A mass leak of police information in Northern Ireland has been connected to two suspects, who have been brought in for questioning in Belfast. The leak occurred when a sensitive document was mistakenly shared in connection to a freedom of information request, and takes place amidst a backdrop of increased tensions and fears of terrorism that have been growing since early 2023.
The incident comes in the wake of the theft of a laptop, radio and potentially sensitive documents from a patrol car on July 6. A resurgent IRA splinter faction has ambushed police in recent months, and the terrorist threat level has been elevated to the “severe” level.
Data leak feeds ongoing concerns about attacks on police
The request resulted in a document being posted to the open internet on August 8 that revealed identifying information for current and former members of the Police Service of Northern Ireland (PSNI): first initials with surnames, rank or grade, the unit they are employed in and their work location. The data leak was available for about three hours before being taken down, but parts of it have since been seen posted to a wall near the Sinn Féin office in Belfast alongside a threatening message and a picture of Catholic Police Guild chairman Gerry Kelly.
The first suspect is a 39 year old who was reportedly arrested in the town of Lurgan and had his home searched. The PSNI has not yet made clear if the suspect is involved with the request or with suspected terror groups, but did say that the data leak was the result of the mistaken inclusion of a source file with unclassified information and that they believed the information had been obtained by dissident republicans. The second arrest was made in Dungiven, and police said the subject is a 50 year old man who was taken in under the Terrorism Act.
The PSNI has been having a rough stretch in terms of data leaks, as potential threat actors appear to be testing the organization’s security. The July 6 car theft involved materials stolen from a superintendent, and is thought to potentially impact about 200 police officers and staff members. The theft was exacerbated by the fact that these employees were not notified of the potential risk to them for about a month, though the PSNI says that the stolen laptop and radio were quickly deactivated and that there is no indication that sensitive data was taken from them.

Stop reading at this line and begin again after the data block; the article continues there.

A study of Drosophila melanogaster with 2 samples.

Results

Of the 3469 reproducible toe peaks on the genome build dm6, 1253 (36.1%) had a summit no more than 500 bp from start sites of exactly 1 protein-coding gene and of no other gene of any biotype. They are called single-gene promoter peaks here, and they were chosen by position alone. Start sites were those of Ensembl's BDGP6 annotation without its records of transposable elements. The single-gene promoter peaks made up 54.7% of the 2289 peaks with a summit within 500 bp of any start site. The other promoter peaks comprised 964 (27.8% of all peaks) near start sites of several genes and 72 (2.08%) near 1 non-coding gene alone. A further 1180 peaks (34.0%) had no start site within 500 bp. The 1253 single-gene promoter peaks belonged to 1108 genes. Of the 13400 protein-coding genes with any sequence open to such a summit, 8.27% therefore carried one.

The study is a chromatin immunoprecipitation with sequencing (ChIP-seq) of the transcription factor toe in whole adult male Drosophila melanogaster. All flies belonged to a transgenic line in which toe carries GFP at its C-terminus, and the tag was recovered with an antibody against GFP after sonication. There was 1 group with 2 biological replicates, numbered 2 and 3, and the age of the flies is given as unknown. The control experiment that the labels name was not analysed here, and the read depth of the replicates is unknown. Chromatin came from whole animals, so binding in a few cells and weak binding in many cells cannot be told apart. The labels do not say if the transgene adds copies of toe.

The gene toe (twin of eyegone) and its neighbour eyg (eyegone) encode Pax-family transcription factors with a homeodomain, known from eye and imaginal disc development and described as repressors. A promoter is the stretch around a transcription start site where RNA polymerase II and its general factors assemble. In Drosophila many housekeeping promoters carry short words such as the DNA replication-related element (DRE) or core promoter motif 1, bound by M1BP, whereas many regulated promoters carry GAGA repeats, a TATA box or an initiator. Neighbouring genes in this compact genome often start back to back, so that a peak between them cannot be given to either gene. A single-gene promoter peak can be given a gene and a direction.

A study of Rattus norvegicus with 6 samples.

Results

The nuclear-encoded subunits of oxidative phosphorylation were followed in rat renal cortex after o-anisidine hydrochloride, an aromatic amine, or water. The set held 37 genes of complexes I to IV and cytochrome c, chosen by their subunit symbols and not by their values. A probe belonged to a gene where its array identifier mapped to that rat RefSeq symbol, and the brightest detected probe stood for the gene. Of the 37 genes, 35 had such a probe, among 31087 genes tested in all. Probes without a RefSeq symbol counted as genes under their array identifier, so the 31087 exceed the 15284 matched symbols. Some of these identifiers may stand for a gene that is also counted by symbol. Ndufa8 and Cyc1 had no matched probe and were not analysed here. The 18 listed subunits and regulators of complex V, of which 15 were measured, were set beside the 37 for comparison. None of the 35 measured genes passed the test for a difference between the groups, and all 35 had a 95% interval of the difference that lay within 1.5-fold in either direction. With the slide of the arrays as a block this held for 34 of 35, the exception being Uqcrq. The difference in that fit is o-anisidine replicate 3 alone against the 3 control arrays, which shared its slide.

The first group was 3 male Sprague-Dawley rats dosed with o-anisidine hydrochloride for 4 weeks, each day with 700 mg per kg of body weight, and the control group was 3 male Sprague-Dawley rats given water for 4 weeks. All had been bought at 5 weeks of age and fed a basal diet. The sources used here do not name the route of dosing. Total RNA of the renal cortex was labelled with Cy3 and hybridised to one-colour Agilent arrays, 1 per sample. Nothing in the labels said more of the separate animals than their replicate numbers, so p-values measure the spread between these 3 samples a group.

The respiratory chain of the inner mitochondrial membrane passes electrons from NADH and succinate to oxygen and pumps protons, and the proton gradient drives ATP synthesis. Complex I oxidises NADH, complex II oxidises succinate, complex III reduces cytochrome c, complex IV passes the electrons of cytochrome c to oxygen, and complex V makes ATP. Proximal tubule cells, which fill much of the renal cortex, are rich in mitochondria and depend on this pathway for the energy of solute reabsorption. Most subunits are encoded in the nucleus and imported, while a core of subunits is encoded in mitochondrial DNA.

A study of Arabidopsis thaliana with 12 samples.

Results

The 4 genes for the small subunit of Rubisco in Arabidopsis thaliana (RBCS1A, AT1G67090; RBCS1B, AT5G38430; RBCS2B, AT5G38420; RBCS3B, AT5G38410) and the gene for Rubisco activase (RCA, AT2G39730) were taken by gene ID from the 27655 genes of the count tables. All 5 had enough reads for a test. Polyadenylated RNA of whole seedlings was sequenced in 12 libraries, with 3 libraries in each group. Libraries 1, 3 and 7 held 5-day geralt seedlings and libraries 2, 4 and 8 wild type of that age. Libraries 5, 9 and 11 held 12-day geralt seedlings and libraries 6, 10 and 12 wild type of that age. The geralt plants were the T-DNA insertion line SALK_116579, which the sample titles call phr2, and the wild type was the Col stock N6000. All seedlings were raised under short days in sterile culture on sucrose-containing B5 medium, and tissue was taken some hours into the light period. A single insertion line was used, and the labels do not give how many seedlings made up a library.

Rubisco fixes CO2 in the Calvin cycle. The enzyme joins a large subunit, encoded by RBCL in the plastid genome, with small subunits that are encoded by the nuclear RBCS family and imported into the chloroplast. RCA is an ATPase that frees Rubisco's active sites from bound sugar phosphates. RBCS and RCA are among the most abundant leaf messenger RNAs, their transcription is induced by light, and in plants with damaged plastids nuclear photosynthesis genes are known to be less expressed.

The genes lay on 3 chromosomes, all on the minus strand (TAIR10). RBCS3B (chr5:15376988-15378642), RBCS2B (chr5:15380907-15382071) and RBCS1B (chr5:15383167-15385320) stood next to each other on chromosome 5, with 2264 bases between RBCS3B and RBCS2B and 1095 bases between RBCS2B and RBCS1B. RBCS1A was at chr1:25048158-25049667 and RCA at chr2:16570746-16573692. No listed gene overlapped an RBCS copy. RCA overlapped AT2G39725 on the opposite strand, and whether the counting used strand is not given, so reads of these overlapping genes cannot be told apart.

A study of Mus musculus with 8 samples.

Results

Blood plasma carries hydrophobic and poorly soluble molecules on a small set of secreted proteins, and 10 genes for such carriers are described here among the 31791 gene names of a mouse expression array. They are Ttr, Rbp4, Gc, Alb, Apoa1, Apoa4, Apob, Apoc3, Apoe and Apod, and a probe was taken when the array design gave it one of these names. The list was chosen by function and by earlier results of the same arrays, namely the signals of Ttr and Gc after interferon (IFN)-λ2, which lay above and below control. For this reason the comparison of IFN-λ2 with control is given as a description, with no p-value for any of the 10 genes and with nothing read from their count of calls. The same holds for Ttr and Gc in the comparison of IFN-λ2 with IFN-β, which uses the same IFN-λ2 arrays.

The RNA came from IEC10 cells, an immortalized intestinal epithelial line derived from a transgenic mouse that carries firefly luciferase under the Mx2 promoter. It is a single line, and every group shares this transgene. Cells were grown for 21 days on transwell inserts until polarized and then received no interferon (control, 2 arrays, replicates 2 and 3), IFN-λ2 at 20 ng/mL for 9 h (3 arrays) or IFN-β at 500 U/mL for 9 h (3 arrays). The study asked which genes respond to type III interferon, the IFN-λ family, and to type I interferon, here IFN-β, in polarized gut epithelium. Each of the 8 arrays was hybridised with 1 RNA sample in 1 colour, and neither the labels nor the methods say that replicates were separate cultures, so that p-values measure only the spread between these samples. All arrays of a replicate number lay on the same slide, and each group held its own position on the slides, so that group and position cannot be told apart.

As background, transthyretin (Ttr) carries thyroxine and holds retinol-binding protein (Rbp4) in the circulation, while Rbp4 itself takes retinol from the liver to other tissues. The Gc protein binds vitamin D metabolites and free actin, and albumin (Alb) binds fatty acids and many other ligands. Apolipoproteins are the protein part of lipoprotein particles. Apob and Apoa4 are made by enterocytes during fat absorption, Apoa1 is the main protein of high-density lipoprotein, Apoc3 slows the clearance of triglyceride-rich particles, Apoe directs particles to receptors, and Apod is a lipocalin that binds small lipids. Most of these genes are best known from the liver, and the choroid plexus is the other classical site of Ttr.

The data leaks ended up exposing a total of 40 PSNI officers working in counter-terrorism.
Some of these officers were outed as working with MI5 (by having its Northern Ireland headquarters listed as their place of employment), and may be called to testify in a scheduled terror trial centered on the actions of undercover agent Dennis McFadden. McFadden infiltrated the high command of the New IRA, the group responsible for recent terror attacks, over an eight-year period and ended up providing evidence for terrorism charges against 10 people. The trial had not been expected to commence for over a year, but is likely to be delayed even further due to the data leak.
Breach could have devastating effect on police operations
Some have characterized the data leak as the worst ever suffered in the country, given that it provides terrorists with highly secret information that is directly useful to their campaigns. It is not just spies and counter-terrorism agents that routinely keep their identities secret for fear of reprisal, but also specialized PSNI anti-riot teams that mask their faces while deployed. Officers may also have added layers of protection and anonymity based on their faith and personal backgrounds.
Most of the IRA has continued to honor a 1997 ceasefire pledge, but there are small splinter groups that continue to focus on attacking police. In February, two gunmen believed to be associated with the New IRA ambushed Detective Chief Inspector John Caldwell after a youth football game and caused serious injury in a failed assassination attempt. Some of these splinter groups have declared that the families of PSNI officers are also “legitimate” targets of terrorist attacks in their eyes.
As a result of the data leak, PSNI officers and employees are being told to increase their vigilance at all times and alter their daily routes and routines. The force is reportedly struggling to triage and contact impacted officers, and about 3,000 have expressed interest in bringing a legal case for damages, something that could run into the tens of millions of pounds if successful. There have also been some media reports of officers quitting the force over the threat to their safety, though PSNI insists that it is not seeing resignations as of yet.